Christian Steiner

This week’s guest is world-renowned opera singer Christine Brewer, a Wagnerian soprano who’s performed on just about every stage and with every company you can imagine — the Metropolitan Opera, The London Symphony Orchestra, English National Opera, Lyric Opera of Chicago, and more.

She’s collaborating with composer John Williams on a new album, focusing on the songs of Harold Arlen. And she's here in Louisville to sing the title role in Kentucky Opera's production of "Ariadne auf Naxos" by Richard Strauss. She’s the real deal, yet she’s very down to earth: Midwestern to the core, a former schoolteacher, and delightful to talk with. Listen to our conversation in the player above.

On a letter of praise from her college voice teacher:
"I keep this framed by my piano, and I had my husband take a picture of it last night and send it to me, so I could read this little letter he wrote me after my junior recital. Now I've got to say, this is a man who did not just dole out compliments. I mean, I could go weeks taking lessons and never hear 'That was beautiful.' The biggest compliment you would ever get from Glenn Freiner was, 'Well, now, today you're making music.'"

On her method for really learning an opera role, inside and out:
"When I work on a new role or on a new piece for a recital, I always type up the score, my text, in whatever the language is. Then I type up a literal translation, right under each line, and leave a space underneath. Then I print this out and I keep it in a file, and that space is what I call 'Christine-speak.' And with a pencil, as I'm studying it, I start writing in, 'How would I say that if I were Isolde?' I have the literal translation, I have the German, but how would I say that? And I just write it, in pencil because it changes as I read the score, read the text the next few weeks, before I ever put it with music."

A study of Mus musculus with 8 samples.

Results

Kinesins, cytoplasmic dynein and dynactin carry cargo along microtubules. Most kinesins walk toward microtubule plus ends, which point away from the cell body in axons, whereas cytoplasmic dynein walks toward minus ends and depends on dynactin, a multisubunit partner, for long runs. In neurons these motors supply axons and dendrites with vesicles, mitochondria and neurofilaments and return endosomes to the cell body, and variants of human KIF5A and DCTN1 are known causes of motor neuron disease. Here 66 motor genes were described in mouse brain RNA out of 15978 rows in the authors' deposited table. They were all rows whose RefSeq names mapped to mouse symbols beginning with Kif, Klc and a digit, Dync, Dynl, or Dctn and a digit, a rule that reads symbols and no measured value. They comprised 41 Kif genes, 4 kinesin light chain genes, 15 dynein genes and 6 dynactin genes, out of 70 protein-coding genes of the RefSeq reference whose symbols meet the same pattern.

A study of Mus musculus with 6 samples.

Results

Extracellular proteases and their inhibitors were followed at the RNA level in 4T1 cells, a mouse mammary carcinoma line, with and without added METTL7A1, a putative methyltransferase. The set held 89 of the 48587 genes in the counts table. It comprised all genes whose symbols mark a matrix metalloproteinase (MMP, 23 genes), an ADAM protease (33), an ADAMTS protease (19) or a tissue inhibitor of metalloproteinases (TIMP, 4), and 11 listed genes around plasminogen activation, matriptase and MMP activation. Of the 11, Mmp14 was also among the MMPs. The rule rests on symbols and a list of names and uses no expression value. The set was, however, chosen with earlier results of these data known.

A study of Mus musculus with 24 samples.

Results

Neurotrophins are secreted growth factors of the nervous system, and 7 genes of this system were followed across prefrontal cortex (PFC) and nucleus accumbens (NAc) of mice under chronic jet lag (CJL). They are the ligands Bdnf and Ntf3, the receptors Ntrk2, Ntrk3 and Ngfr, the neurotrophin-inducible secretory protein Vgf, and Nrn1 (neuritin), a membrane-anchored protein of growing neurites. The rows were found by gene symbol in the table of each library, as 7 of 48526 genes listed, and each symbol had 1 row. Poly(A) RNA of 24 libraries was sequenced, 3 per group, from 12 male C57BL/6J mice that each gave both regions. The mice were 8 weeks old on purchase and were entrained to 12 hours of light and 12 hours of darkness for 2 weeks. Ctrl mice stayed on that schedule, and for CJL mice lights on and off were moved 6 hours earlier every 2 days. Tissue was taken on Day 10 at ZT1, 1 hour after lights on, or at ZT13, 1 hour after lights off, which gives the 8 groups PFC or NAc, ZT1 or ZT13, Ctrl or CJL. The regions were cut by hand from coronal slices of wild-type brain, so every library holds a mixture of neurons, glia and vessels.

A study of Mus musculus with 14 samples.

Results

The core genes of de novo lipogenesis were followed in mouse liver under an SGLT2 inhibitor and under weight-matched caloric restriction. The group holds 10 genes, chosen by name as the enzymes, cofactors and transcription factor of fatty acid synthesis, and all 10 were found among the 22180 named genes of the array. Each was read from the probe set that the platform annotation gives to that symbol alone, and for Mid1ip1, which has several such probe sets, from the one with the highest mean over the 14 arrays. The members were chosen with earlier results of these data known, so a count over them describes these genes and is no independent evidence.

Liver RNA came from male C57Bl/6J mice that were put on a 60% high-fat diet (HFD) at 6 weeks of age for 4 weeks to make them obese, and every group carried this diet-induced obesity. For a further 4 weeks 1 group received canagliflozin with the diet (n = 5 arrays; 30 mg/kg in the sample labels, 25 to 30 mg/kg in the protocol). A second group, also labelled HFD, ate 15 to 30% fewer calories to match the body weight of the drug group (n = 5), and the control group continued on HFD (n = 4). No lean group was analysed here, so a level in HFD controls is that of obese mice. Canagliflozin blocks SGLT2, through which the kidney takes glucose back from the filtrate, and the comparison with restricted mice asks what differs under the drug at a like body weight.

On her relationship with great Swedish soprano Birgit Nilsson:
"She would listen to radio broadcasts. She heard my first Immolation Scene [from Wagner's Götterdämmerung] that I did with the Swedish Radio Orchestra, and she happened to be home. She called me at the theater! And they said, 'You have a phone call at the stage door' and I thought, who knows I'm in Stockholm? And then I'm thinking, somebody died, my husband must be calling, something happened. And I pick up the phone and it's Birgit, and she goes, 'Okay, I just wanted to hear your voice, you sounded healthy and youthful, it was beautiful. Now, don't sing the low stuff in that scene any louder than you sang it tonight because you'll start to get a wobble in your voice.' I mean, she gave me a little critique over the phone!"